From: "Jared E Noble" <JNOBLE2@m...>
Date: Tue, 16 Mar 1999 10:27:01 -1000
Subject: Re: [FT] Hull strength and Stress

>Jared wrote:

>> ** Hull Stress Ratings **
>[Entire section snipped; I don't agree at all with the premises]
>The hull integrity doesn't have very much to do with withstanding
>acceleration stresses IMO. Even a Fragile-hulled ship is designed to
>survive its own engines without falling apart. (Count the necessary
>reinforcements into the Mass used for engines if you like!)

OK, It is _designed_ to withstand it's own engines. That's what I tried
to model
on the fly (the particulars for the design I submitted yesterday were
at the time - trying to flesh out the rough concept - see below)

>Instead, the hull integrity measures how much of the hull structure you
>can *remove* - how many bulkheads can be breached, how many struts torn
>off etc - before the ship no longer is able to survive the stresses
>caused by its own engines, etc. Indeed, some of the "engine damage"
>results may well be structural results instead - the hull takes such a
>bad hit that the captain doesn't dare to use his engines for fear that
>the ship be torn apart until the DCPs have assessed the damage.

2 points, so I'll respond separately

If integrity measures how much you can remove before before it can no
withstand its own engines, then is it an all-or-nothing affair. Why take
leap from full strength (can take th8) to destroyed (when the ship is
It seems a middle ground is reasonable (assuming it doesn't disrupt game
too much).

Engine hits as structural damage: Ok that is a potential abstraction to
it - but why? We havea damage track to show hull damage - we have
engines to
show damage to them.  Engines are already relatively small (at 5% per
rating) to
reflect hull damage as well.  Also if the captain "doesn't dare to use
engines for fear..." there are certainly times when it could become a
- high mission motivation type stuff...That dramiatic feel, you know.

>My solid mechanics professor did a rather fascinating demonstration of
>this in the first course I read for him. He is a rather big man - 90+
>kilos judging from his looks - and he put an empty soft drink can on
>its end and stepped on it. Stepped *up onto* it and stood there for
>almost a minute, because the can didn't buckle or get crushed. He then
>stepped down, made a very minor dent in the (cylindric) side of the
>can, put it back down and stepped on it again - and the can was
>immediately flattened. The small dent was enough to reduce the can's
>"hull integrity" to less than it needed to survive the stresses put on

great example, and actually to the point of the original idea I had-
'damaged' ships started to lose their integrity.  The idea of tying
strength to the hull strength came yesterday as I was typing my
mini-rant about
set 10% increments in hull integrity.  The 'integrity' concepts sounded
like a
potential link, so I went exploring the concept - hope you all didn't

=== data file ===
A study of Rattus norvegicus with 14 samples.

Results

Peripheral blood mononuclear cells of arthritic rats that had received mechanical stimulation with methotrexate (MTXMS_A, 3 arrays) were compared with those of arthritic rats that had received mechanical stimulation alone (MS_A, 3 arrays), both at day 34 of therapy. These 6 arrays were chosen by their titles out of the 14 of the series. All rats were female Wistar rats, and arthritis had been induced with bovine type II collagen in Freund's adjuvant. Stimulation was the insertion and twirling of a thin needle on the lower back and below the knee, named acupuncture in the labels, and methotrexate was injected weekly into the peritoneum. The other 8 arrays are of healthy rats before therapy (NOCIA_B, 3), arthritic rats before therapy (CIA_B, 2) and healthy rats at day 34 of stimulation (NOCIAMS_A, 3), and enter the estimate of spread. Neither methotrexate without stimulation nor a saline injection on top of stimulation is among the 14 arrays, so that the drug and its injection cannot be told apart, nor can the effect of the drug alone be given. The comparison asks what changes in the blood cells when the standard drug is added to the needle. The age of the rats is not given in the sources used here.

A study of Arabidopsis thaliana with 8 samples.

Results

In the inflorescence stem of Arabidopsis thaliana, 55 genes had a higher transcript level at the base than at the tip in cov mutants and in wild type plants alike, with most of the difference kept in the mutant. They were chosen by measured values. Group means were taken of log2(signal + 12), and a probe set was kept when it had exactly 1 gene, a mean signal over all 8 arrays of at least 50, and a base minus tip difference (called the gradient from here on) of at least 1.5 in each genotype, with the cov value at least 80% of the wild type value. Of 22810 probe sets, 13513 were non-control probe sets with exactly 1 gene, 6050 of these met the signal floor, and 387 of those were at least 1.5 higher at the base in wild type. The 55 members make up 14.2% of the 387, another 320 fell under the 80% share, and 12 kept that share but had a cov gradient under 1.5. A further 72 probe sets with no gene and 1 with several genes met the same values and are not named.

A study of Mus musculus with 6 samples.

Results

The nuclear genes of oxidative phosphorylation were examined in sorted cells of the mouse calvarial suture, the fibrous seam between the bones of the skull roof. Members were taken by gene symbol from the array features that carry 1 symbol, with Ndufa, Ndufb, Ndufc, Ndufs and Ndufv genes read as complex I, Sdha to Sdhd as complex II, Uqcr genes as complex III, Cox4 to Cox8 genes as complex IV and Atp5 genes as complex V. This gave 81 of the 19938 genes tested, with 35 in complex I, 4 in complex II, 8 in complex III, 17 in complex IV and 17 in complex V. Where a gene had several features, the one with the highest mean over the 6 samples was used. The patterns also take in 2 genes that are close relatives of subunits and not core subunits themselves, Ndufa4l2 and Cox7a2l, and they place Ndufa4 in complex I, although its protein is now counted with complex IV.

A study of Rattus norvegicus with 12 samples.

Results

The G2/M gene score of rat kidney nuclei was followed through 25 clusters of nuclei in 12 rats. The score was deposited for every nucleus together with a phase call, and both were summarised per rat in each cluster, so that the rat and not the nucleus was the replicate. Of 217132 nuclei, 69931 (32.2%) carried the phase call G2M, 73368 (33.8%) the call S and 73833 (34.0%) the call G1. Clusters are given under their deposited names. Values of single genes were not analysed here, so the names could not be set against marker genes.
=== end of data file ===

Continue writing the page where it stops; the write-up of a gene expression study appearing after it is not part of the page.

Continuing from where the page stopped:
mind the
brief trip.

>I imagine spaceships to work in a rather similar way. As long as the
>stresses *and the hull structure* are within the design parameters all
>is well, but when you remove enough of the hull structure that it drops
>outside the parameters... things tend to go pear-shaped.

Sure, I can buy that, but that still comes back to the basic idea of my
(and my original intent).  The first time I thought of the idea was for
FT2, and
basically what I considered was that for every threshold taken, reduce
safe acc by 2, starting at 8 for all ships, since that was the max any
could go.  What this meant is that big ships, with their typically
meager thrust
were never effected, but the smaller ships could be slowed down (unless
popped first - a common enough occurance.  So it pricipally would affect
cruisers - perhaps slowing them down for a couple of turns, and allowing
decision phase where the ship captain must weigh risks vs. potential
The attempt to model dramatic moments from various SF sources was also a
I admit.

Another quick note about what you said -
  "As long as the stresses *and the hull structure* are within the
   design parameters all is well"

Which is very well put. Since we have a system for modeling the source
of the
stresses (the drive) as well as one readily available for hull structure
(all it
needs is to have breakpoints determined) it seems that 90% of the
support is
there to consider them as 2 easily used pieces of the equation, rather
abstracting them into 1.

So I am more than happy to retract the concept of tying initial Stress
from the proposal, but would like your opinion -
Does the concept (not necessarily implementation) of reducing the
integrity' due to damage make sense? Is it any more or less logical than
a ship
which has lost 90% of it's hull points still thrusting around at th8? (I
that question sounds horribly biased, and that was not my intent - I
just can't
figure out how to word it to not reflect bias one way or the other.)
Is it illogical to assume that a ship, after taking damage, could have
it's hull
weakened to the point that full use of its own drives could actually
damage the hull?

>Oerjan Ohlson

Thanks for your comments!

Jared Noble
(who doesn't like to let an idea die if there is merit in the concept -
even if
my initial explanations or implementations consistently suck!)